Sen. Roger Wicker secured a crucial House-Senate conference for the National Defense Authorization Act amid looming deadlines, potentially shaping crucial military policies.

Sen. Roger Wicker, R-Miss., succeeded in his efforts this week to call a formal House-Senate conference to come to an agreement on the military defense bill also known as the National Defense Authorization Act (NDAA), his office said Thursday.

Wicker’s victory, reportedly discussed behind closed doors, comes as the Senate also passed the House’s government spending patch to extend the deadlines to January and February.

The conference will likely be sometime after Thanksgiving, a Wicker aide told Fox News Digital. The aide also said if the conference process hadn’t started this week, “it wouldn’t have happened this year” due to other priorities. 



Wicker, the leading Republican on the Senate Armed Services Committee, considered Thursday morning one of his last chances to trigger a meeting between the two chambers to finalize one package.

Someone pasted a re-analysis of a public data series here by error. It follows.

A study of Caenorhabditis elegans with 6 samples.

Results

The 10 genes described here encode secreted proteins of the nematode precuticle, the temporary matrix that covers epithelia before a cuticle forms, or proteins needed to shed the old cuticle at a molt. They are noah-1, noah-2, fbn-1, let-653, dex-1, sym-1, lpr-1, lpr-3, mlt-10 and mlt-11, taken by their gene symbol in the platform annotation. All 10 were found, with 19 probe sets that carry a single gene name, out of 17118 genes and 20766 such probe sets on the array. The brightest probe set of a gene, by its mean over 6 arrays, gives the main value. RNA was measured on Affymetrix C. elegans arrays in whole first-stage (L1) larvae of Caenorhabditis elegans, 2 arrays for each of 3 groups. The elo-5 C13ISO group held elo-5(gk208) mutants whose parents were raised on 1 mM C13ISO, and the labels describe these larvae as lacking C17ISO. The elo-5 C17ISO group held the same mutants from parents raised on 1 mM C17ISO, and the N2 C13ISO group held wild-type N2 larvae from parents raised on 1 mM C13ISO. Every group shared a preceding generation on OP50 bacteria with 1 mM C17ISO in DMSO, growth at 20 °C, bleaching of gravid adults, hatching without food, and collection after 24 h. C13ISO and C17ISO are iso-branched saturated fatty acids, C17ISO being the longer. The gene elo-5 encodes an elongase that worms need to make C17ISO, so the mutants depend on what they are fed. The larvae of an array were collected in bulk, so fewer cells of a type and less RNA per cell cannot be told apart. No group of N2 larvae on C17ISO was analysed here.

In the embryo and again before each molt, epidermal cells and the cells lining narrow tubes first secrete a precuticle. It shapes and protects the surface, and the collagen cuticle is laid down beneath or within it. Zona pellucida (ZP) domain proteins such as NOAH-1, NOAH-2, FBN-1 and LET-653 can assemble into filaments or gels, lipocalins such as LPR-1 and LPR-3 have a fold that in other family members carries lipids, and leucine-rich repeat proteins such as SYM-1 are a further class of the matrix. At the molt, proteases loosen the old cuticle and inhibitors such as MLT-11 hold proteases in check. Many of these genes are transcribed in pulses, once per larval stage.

The Senate approved its version of the annual military defense bill with bipartisan support in July in an 86-11 vote, granting authorization for $886 billion over the next year to bolster national defense right before the chamber’s five-week August recess.


The Senate’s bill avoids addressing the issues of abortion and transgender services. However, it does acknowledge the concerns expressed by Republicans about what they call an excessive influence of progressive policies within the Pentagon.

As such, Senate Republicans were able to get provisions in the policy that prevent mandating the inclusion of preferred pronouns in official correspondence as well as a halt on diversity quota hires.


Just two weeks prior to the Senate’s passage, the House approved its version of the bill, which incorporated several Republican amendments aimed at dismantling the Pentagon’s abortion policy for service members seeking procedures out of state as well as restricting transgender-affirming treatments.

President Biden has previously indicated he would not sign a package filled with hard-line GOP priorities like what’s included in the House’s version.